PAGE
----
Jacksonville Ranked Third Most Dangerous City In The Nation For Walking

May 20, 2014

A new report ranks the Jacksonville metro area as the third most dangerous place for pedestrians in the country with 359 pedestrian deaths from 2003 to 2012.

The "Danger by Design" study, compiled by advocacy group Smart Growth America, ranks the “Pedestrian Danger Index” of cities using data on “the share of local commuters who walk to work—the best available measure of how many people are likely to be out walking each day—and the most recent five years of data on pedestrian fatalities.”

A "Drive Safely" sign on Johnnie Mae Chappell Memorial Parkway.
Credit ryan griffis / Flickr

Four of the top five most dangerous cities for pedestrians are in Florida. Orlando tops the list, followed by Tampa, Jacksonville, and Miami. Memphis, Tennessee rounds out the top five.

Duval County is ranked seventh in Florida for total pedestrian fatalities.

According to the report, communities in the South are among the most dangerous places to walk because they were built in the post-war period that favored low density construction and wider streets with faster speed limits.

The report also identifies children, older adults, and minorities as those most threatened as pedestrians.

“While comprising 12.6 percent of the total population, adults aged 65 and older account for nearly 21 percent of pedestrian fatalities nationwide from 2003 to 2010,” the report reads.

Laura Cantwell, associate state director for advocacy at AARP Florida, said that seniors are more at risk in part because they may be less aware of the dangers around them.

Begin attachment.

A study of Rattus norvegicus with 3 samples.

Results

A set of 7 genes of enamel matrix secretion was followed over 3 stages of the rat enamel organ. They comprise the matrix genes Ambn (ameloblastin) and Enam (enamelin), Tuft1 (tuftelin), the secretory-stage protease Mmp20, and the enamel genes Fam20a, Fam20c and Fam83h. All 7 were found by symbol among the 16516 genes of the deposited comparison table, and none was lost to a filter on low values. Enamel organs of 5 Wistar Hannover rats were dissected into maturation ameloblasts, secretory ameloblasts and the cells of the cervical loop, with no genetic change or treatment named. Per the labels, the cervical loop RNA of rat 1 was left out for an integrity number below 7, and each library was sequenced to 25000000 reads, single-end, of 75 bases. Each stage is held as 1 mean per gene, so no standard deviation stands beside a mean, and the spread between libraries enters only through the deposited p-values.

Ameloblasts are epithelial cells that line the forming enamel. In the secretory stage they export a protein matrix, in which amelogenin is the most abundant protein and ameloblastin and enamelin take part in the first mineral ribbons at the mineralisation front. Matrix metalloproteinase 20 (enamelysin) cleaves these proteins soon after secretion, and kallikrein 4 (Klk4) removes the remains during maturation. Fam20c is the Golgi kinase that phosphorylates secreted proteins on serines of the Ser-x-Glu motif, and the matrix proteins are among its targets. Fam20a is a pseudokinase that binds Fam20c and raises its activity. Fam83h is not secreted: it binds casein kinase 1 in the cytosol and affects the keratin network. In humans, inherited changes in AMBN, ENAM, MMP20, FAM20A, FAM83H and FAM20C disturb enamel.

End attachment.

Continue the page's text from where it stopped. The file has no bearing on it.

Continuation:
“Older adults often face more risk as pedestrians because they are less able to react quickly to oncoming vehicles, and then if they are struck, they are less likely to recover from the collision,” she said, citing a statistic that older adults account for one in five pedestrian fatalities across the country.

In Florida, minorities are also at higher risk. The average annual fatality rate for non-Hispanic whites in Florida was 2.85 per 100,000 residents, while the rate for both blacks and Latinos was 3.4.

Cantwell said federal, state, and local officials will have to come together to find solutions to remove Florida from the top of the list.

“The deaths are preventable if they can put changes into place through policy, design and practice,” she said. “I think it’s also changing the mindset of how we’re looking at the cities, I think that’s the first thing that needs to be done.”

In a release on the report, AARP noted that Jacksonville officials have taken recent steps to address the issue, namely the adoption of city policy calling for more pedestrian-friendly street designs and the creation of a full-time bicycle and pedestrian coordinator position.

You can follow Patrick Donges on Twitter @patrickhdonges.